To Invest in People, Prioritize Education

International Day of Education — 2023

Blessing Oluchukwu Awamba

Photo by Ivan Samkov from Pexels

I have been vocal about my father’s early death and how it traumatized me from early childhood. I was only 6 years old when my dad died. I had to drop out of the average primary school I was attending to a poorly managed school three streets away from my home.

The first time someone ever showed interest in my future was when a church member, Mr. Oliver Okeke, called me after church one Tuesday evening. I knew him as my friends’ father so I wasn’t surprised when he asked that I see him after church. As I stood with him at the gate of the church while my mother waited five feet away, I could never imagine that my life was about to change.

Growing up in the slums of Ajegunle with two younger brothers and my mum in a one-room apartment, education was important but survival was most important. We quickly learned the art of locking doors and windows when we heard weird footsteps, running when we saw people running on the street, and laying down flat on the ground when we heard gunshots.

I had a tough but interesting childhood. Now, when I think back I’m not sure if I would have wanted it any other way.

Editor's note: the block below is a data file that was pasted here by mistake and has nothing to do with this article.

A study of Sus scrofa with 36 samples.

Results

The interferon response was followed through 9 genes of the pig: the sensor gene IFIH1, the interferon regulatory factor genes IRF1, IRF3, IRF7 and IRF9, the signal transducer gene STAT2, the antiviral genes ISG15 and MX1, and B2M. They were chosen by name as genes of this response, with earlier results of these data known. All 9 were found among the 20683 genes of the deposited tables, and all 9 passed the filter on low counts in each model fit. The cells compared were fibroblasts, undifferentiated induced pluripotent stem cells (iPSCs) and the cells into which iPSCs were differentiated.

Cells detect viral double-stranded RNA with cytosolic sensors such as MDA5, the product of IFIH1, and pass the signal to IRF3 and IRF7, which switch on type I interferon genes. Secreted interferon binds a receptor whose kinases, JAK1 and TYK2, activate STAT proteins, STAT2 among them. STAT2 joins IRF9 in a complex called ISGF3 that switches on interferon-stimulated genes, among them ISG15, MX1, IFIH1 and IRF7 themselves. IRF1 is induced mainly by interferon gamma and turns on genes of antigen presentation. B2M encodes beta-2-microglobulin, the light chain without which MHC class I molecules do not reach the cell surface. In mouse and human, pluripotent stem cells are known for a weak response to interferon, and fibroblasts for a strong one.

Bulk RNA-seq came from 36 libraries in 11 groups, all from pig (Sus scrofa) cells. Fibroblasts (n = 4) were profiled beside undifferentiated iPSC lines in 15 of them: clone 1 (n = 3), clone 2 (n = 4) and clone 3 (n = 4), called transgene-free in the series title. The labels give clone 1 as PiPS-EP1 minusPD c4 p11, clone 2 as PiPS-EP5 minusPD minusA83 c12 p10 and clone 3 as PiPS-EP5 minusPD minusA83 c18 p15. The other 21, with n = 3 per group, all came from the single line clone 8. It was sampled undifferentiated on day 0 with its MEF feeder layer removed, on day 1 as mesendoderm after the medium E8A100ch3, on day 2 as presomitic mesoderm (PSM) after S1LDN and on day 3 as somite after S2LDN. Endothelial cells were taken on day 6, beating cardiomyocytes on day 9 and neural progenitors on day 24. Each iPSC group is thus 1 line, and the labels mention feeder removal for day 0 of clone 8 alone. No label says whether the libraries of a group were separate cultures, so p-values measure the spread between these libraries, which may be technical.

I had to be awake by 4 am to fetch water from our compound well which we shared with more than ten tenants with families, to ensure we had water to bathe to go to school. If you wake up at 5 am, someone else would have beat you to it, fetched the good water, and left the well unsettled.

Even with how poor and cheap my primary school was, my brothers and I would be flogged and sent home almost every term because my mum had not paid our fees on time. I had an elderly neighbor who was always home and when we’d come back home crying, she would drag us back to school, using her grey hairs to intercede on our behalf, stating that she did not mind kneeling to beg. It almost always worked. The following day, my mum would follow us to school and beg the headmaster almost on her knees and in tears, promising to pay before a certain date after which we will be let back into our classes.

Five years later when I visited that school, the headteacher still remembered my mum.


I write about life; as I experience it, as I know it; as it could be better.